When I joined the police reading crime acquired a new dimension, and I found myself frustrated by procedural inaccuracies and by outdated, stereotypical portrayals of officers. I began reading more American crime; my lack of knowledge about US policing meaning I could enjoy a novel without being pulled away from the story by something I knew full well wouldn’t happen. I identified those British crime authors I knew I could rely on for procedural accuracy, such as Mark Billingham or Peter James, and read everything they wrote. At work I encountered criminals far more terrifying than their fictional counterparts, observed the way families behave under pressure, watched a lie fall apart in an interview room.
In 2011 I picked up a Sophie Hannah, and discovered an entire genre I didn’t know existed: the psychological thriller. I felt the same buzz of excitement as I had in my teens, reading And Then There Were None with a chill creeping up my spine. A crime to investigate, yes, but more than that: a cast of complex characters where no one was quite as they seemed. Not simply what happened, and who did it, but why they did it. I had found my literary home.
I have remained faithful to the genre ever since, reading any psychological thriller I can lay my hands on. The beautifully written Apple Tree Yard (Louise Doughty), the terrifying Close My Eyes (Sophie McKenzie), the utter perfection that is Before I Go to Sleep (S J Watson). My bookshelves groan with suspense novels and thrillers, and with such a wealth of new talent emerging every year I’m never short of something to read. It is perhaps not surprising, then, that when I started to write fiction it was within this genre that I felt most comfortable. My debut novel, I Let You Go, features a police investigation, but the focus of the story is Jenna Gray. I’d hesitate to call her a victim, yet that is precisely what she is: a victim of circumstance and of crime. I wrote what I love to read: a tense, twisty story that wrong-foots the reader and challenges preconceived ideas about what is right and what is wrong.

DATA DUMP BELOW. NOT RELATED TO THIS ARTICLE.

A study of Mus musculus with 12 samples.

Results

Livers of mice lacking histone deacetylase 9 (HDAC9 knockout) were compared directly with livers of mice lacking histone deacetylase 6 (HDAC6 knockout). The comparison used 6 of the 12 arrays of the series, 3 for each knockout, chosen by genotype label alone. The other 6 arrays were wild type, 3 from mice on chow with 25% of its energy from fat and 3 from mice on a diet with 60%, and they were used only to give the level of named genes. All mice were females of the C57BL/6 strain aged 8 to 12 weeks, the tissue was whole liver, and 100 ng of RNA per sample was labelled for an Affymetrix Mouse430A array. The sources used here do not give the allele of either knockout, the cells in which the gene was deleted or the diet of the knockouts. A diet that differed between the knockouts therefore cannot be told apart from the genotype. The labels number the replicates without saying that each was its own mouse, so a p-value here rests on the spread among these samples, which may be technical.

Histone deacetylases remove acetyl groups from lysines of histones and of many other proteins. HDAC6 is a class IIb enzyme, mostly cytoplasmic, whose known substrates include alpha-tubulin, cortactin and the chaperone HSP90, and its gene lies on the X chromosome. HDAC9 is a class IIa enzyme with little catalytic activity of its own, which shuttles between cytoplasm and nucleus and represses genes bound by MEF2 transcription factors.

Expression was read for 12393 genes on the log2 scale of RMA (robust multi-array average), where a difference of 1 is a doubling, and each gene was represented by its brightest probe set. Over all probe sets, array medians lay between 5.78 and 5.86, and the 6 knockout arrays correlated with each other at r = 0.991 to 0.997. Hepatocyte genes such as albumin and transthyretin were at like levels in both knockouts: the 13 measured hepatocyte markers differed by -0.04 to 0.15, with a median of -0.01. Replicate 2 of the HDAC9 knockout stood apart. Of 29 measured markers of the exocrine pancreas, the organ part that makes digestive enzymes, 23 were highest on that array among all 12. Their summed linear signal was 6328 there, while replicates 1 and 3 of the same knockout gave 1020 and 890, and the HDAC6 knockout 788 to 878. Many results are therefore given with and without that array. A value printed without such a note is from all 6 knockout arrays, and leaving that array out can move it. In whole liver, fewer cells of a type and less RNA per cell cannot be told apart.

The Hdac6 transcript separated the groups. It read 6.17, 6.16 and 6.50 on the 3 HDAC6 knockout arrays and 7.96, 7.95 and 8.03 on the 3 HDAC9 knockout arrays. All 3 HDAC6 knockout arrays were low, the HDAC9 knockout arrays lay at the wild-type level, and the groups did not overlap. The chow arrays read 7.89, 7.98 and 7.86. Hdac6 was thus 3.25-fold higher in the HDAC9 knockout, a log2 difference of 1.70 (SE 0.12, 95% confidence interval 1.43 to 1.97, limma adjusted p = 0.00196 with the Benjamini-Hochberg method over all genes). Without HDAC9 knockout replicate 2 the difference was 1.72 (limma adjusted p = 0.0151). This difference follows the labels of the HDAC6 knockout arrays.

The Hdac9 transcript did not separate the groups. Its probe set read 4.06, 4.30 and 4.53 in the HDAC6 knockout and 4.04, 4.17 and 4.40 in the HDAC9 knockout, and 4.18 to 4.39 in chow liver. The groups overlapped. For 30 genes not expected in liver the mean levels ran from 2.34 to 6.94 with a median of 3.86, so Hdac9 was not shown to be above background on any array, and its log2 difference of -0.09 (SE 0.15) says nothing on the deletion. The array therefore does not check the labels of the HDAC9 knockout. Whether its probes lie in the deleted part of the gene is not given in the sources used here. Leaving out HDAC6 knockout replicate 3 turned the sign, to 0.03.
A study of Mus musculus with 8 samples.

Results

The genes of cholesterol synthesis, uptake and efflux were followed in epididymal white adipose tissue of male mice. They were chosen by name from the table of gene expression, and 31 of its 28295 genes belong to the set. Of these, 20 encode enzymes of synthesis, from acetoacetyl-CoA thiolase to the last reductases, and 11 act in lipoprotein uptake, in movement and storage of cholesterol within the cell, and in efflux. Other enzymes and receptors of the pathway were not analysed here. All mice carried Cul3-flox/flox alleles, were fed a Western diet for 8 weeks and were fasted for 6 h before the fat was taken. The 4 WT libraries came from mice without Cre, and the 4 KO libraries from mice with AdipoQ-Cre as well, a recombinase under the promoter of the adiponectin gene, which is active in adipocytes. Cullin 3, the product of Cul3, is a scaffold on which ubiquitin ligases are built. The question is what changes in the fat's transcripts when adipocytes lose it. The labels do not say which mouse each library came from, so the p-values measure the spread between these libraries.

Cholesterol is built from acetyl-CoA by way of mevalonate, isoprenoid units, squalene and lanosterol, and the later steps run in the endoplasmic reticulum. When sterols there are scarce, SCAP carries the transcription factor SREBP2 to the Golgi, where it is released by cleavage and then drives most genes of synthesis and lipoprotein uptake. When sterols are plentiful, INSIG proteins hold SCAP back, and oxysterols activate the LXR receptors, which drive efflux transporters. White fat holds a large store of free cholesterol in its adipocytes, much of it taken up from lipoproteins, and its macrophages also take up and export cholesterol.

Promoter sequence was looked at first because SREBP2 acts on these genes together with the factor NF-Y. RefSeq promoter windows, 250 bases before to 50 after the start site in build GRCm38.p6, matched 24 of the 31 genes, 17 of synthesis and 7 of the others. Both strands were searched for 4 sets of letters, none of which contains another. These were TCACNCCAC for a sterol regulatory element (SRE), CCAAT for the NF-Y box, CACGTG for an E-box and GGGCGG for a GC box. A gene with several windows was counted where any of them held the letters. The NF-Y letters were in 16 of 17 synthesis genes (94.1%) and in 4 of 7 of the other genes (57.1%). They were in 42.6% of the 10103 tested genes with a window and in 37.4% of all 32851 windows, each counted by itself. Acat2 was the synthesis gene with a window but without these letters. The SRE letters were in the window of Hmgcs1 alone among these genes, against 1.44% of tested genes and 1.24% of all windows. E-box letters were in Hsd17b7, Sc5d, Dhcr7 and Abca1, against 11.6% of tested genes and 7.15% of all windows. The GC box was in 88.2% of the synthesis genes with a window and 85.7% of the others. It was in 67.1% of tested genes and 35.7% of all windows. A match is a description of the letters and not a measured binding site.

This year at the Theakstons Old Peculier Crime Writing Festival I’ll be taking my place on stage with three other debut crime writers – Ben McPherson, Renee Knight and Lucy Ribchester – for Val McDermid’s celebrated New Blood panel. Last year I came to Harrogate as a punter, waiting in line with my ticket for what is for many of us the highlight of the programme. The debut authors, all hand-picked by Val, spoke with such passion and verve for the genre that I couldn’t help but buy all four books, enjoying them all very much. I am deeply honoured to find myself on this year’s New Blood panel, and look forward to it immensely.
I Let You Go, by Clare Mackintosh, is published by Sphere and available to buy online as a Paperback or eBook. Clare will be appearing at the Theakstons Old Peculier Crime Writing Festival in Harrogate on Saturday 18th July. You can visit the official website for more information about the festival.